According to the National Sleep Foundation, newborns and babies from 4 to 11 months old should sleep 12 to 17 hours a day to maintain a healthy lifestyle. Toddlers and preschoolers should get anywhere from 10 to 14 hours a day. Needless to say, sleep can be important for the development of young children.

A recent study of 1,050 children by Dr. Elsie Taveras, the chief of general pediatrics at Massachusetts General Hospital for Children, found that young children are getting significantly less sleep than previous generations at their age and many children who were not sleeping enough were reported to be overweight and some had a higher risk for obesity.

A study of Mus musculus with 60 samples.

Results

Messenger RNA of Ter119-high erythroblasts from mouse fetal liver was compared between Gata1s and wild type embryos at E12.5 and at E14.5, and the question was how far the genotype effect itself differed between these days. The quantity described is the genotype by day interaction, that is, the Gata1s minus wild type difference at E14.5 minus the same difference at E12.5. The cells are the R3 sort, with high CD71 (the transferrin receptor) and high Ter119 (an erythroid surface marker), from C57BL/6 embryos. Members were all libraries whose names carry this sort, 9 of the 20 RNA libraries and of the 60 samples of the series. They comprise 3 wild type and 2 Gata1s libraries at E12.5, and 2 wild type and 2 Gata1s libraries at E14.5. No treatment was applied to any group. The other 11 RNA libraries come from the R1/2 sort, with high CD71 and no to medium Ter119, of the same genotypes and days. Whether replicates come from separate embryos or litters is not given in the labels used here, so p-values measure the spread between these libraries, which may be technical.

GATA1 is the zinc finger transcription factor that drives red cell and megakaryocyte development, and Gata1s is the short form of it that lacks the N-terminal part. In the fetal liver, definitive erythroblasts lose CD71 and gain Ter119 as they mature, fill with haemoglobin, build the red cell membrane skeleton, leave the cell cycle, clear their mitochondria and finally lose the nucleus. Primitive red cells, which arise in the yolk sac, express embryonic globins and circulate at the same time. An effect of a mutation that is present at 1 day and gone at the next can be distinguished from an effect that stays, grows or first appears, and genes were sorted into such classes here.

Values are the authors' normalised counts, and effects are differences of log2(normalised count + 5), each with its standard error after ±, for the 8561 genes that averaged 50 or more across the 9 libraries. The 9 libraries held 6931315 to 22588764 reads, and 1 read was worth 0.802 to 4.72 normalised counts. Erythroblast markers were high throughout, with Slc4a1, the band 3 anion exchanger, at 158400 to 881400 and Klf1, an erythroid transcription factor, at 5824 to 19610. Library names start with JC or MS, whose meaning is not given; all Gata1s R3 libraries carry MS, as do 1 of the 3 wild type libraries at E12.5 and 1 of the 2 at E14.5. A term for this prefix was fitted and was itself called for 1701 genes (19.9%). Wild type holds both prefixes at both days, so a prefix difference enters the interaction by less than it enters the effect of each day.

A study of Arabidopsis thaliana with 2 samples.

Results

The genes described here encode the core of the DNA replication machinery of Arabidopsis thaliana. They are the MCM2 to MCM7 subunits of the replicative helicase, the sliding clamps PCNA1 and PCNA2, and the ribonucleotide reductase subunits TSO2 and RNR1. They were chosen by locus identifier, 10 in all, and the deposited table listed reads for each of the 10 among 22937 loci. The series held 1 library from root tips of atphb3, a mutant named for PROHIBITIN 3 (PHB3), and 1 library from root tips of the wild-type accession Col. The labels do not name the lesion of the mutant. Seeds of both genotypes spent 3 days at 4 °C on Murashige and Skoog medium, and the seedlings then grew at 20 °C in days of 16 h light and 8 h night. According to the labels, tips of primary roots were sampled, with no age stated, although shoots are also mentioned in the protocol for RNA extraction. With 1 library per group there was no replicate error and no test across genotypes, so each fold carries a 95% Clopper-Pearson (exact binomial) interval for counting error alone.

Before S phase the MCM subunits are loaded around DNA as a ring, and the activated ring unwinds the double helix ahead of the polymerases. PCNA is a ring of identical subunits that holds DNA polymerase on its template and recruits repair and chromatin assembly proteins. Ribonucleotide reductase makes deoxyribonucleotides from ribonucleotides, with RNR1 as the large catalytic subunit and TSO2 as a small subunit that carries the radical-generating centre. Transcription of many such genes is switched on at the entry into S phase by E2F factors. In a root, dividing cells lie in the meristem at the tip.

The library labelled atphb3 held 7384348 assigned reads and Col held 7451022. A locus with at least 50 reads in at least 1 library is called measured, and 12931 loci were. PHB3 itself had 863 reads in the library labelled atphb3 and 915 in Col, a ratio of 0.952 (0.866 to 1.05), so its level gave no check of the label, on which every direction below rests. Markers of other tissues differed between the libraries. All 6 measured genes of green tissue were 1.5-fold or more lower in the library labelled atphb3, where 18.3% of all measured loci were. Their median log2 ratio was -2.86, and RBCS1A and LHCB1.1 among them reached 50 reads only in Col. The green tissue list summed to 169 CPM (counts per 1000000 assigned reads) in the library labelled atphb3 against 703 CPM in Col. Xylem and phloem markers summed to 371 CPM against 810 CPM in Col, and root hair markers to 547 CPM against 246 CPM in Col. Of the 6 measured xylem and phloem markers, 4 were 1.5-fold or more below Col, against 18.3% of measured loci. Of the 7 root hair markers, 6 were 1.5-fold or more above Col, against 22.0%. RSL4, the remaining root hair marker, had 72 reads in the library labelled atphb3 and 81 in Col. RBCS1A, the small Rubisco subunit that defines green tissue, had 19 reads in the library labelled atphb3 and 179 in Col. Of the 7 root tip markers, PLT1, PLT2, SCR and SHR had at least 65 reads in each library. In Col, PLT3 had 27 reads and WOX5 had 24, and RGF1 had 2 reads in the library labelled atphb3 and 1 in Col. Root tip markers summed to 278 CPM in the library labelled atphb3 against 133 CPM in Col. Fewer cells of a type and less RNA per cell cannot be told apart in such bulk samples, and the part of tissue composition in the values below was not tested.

The Huffington Post reports that much of this loss of sleep comes from more relaxed bedtimes, where children are not going to bed until 10 or 11 p.m. and then waking up early to go to child care or school. Taveras proposed that some of this weight gain could be attributed to lowered metabolisms. She stated that in many studies, metabolism and quality of sleep in children are connected.

Longer screen time and lack of mobility may also contribute to weight control issues. Many children are exposed to hundreds or more advertisements for unhealthy snacks and fast food. This media can lead children to desire and consume these items more frequently, instead of natural food options that are better for their growing bodies.

To promote better sleep habits for young children, Taveras recommends strict bedtime schedules and routines and limited access to electronics prior to bedtime.